It's been a blustery, frigid Monday this side of Flint Ridge. We went to bed Sunday night with about an inch of snow on the ground, and woke up this morning to a blanket of the white stuff. Not too much really, but enough to make the roads messy, close school, and give Tim the rare snow day. Really, I was surprised. There wasn't enough to amount to anything, but our cold, cold temperatures had the roads a slick, icy mess. By the time I made it out for pictures though, the sun had burned a bit of it off.
I'd phoned my dad last night to give him the snow totals for Sunday (he keeps a weather station with records), and asked if he thought we were going to get much more. He said, "I don't reckon. It's too cold to snow." Too cold to snow?!? I'd heard this a thousand times before, but had never given it a second thought. Here recently, though, I've taken kindly to learning more about "mountain speak" (more popularly known as "Appalachian English" or "Hillbilly Talk").
It's a dying language, Mountain Speak. The thick dialect thins more with every new generation. But I grew up with people speaking this way, and to me, it's natural. One of the most prominent features are the old adages. "Cold as all get out." "Colder than a well digger's a**." "Rainin' cats an dogs." "The cows are layin' down, gonna snow." Hence my familiarity and new curiosity concerning "too cold to snow."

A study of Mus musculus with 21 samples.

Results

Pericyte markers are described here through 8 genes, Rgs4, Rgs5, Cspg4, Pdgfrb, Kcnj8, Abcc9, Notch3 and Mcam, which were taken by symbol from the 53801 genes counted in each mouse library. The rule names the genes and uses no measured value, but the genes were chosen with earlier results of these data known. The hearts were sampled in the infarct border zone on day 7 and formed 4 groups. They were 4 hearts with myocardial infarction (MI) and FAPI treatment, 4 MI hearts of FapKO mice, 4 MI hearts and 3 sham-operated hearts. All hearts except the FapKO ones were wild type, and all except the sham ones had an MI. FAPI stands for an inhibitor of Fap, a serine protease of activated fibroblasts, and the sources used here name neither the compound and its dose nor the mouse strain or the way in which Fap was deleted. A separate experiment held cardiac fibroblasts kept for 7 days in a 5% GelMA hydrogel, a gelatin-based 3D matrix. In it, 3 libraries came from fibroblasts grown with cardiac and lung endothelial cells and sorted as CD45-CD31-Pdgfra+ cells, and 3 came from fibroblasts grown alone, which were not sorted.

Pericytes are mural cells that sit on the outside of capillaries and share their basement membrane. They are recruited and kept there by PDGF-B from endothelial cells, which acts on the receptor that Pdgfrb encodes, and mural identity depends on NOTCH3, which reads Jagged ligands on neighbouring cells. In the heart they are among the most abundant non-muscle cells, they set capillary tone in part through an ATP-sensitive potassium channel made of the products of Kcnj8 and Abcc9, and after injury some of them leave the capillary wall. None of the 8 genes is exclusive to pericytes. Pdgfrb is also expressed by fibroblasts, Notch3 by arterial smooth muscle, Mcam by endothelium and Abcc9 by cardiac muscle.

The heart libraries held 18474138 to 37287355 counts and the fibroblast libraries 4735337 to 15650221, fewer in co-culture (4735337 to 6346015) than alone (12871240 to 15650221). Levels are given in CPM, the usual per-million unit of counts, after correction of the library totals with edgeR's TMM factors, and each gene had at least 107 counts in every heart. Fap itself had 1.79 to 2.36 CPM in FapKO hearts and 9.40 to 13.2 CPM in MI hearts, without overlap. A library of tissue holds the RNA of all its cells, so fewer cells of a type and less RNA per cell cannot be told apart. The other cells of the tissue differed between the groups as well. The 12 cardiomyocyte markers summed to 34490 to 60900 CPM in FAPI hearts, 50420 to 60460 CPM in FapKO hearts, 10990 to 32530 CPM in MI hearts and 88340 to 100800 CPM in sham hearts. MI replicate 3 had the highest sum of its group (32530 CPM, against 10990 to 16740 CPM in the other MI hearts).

So, I looked it up. Is it ever really "too cold to snow?" Apparently there have been recorded snows at -40 degrees F. So, I'd say no. It just so happens that the colder it is, the less likely it is to snow - due to moisture retention in the clouds not temperature. So, our old timers weren't completely wrong!
With temperatures here topping out at 27 degrees F today, I can happily report that it's still flurrying a little here and there. So, even though 27's cold - it's not too cold to snow. And it's not too cold to play either (provided you bundle up!).